Penn State University researchers found that children were far more likely to eat vegetables if they were also offered a spice-flavored dip than if they were offered vegetables alone.
In fact, having the dip swayed children who previously had rejected the same vegetable, according to a news release.
Jennifer Savage, an associate director of the Center for Childhood Obesity Research, and colleagues found that children were three times more likely to refuse eating vegetables alone then if the same veggie was paired with a reduced-fat flavored dip.
The same children were twice as likely to reject a vegetable without a dip than it it were served with plain dip.
The researchers, which published their work in a recent issues of the Journal of the Academy of Nutrition and Dietetics, used 34 children between the ages of 3 and 5.
The children were first offered a plain vegetable to gauge their acceptance.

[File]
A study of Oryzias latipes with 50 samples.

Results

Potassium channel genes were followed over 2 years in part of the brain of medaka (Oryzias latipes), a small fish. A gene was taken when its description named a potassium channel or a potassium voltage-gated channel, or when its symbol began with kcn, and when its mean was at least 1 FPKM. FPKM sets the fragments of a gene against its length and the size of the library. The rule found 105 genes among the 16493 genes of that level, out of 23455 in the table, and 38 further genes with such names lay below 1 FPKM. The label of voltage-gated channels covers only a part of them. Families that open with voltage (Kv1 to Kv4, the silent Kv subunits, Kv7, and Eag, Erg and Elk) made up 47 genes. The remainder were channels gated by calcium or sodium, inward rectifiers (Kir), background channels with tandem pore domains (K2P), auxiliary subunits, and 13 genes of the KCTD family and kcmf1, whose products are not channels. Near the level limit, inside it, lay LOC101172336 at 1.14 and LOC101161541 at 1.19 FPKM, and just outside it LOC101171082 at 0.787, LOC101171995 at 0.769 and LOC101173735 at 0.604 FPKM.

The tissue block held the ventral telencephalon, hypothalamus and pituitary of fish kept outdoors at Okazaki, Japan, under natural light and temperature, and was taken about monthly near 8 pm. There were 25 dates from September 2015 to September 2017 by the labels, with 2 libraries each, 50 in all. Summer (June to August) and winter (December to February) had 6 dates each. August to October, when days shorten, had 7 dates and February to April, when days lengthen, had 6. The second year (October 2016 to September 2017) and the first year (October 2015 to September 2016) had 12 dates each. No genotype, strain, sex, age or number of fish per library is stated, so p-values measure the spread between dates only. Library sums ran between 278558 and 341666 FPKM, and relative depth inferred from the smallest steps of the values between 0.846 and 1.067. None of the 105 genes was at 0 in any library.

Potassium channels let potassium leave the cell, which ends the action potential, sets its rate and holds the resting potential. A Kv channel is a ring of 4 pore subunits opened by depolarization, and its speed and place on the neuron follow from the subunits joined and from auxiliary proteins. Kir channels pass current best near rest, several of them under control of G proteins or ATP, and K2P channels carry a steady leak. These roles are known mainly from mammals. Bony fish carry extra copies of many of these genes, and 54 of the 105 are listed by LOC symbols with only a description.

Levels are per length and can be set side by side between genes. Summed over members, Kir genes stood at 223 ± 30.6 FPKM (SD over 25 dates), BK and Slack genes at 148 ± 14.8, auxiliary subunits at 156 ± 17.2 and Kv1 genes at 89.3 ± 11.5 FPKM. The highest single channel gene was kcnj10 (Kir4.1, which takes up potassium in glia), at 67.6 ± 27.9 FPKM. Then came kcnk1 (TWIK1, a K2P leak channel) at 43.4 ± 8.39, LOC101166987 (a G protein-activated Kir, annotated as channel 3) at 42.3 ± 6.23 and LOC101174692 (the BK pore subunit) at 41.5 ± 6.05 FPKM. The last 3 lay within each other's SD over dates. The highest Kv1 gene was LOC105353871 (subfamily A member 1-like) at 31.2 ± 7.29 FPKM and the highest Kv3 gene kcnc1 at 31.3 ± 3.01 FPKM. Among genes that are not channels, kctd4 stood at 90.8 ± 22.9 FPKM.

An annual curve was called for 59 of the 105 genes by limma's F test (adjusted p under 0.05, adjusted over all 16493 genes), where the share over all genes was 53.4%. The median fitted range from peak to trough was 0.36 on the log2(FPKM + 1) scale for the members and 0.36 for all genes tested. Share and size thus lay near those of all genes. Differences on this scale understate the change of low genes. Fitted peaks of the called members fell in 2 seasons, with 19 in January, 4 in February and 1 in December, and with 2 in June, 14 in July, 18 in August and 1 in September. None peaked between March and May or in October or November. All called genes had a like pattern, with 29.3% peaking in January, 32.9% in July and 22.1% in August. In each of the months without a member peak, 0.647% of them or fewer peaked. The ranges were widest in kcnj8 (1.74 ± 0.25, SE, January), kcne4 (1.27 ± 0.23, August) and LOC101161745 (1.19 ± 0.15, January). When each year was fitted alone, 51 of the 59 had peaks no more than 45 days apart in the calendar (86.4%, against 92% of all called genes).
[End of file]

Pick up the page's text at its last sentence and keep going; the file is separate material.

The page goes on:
Then they were offered the same vegetable but with dip, and their responses recorded.
The more times children are offered a distasteful vegetable, the more likely they are to consume it.
"Repeated exposure is a way to get kids to like new foods," Savage said in the news release. "This has been demonstrated in previous studies. But first you have to get them to taste the vegetable. Plus, the servings do not need to be huge—the key may be to start by offering really small portions."
In as few as four tastings, the preschoolers consumed ore of the disliked vegetable when it was paired with a flavored dip than when served alone.
The findings may be critical since less than 10 percent of 4- to 8-year-olds consume the U.S. Department of Agriculture recommended daily servings of vegetables, according to the release.
In fact, about one-third of all children eat no vegetables in a typical day.
The study involved carrots, cucumbers, celery, green beans, red peppers and yellow squash.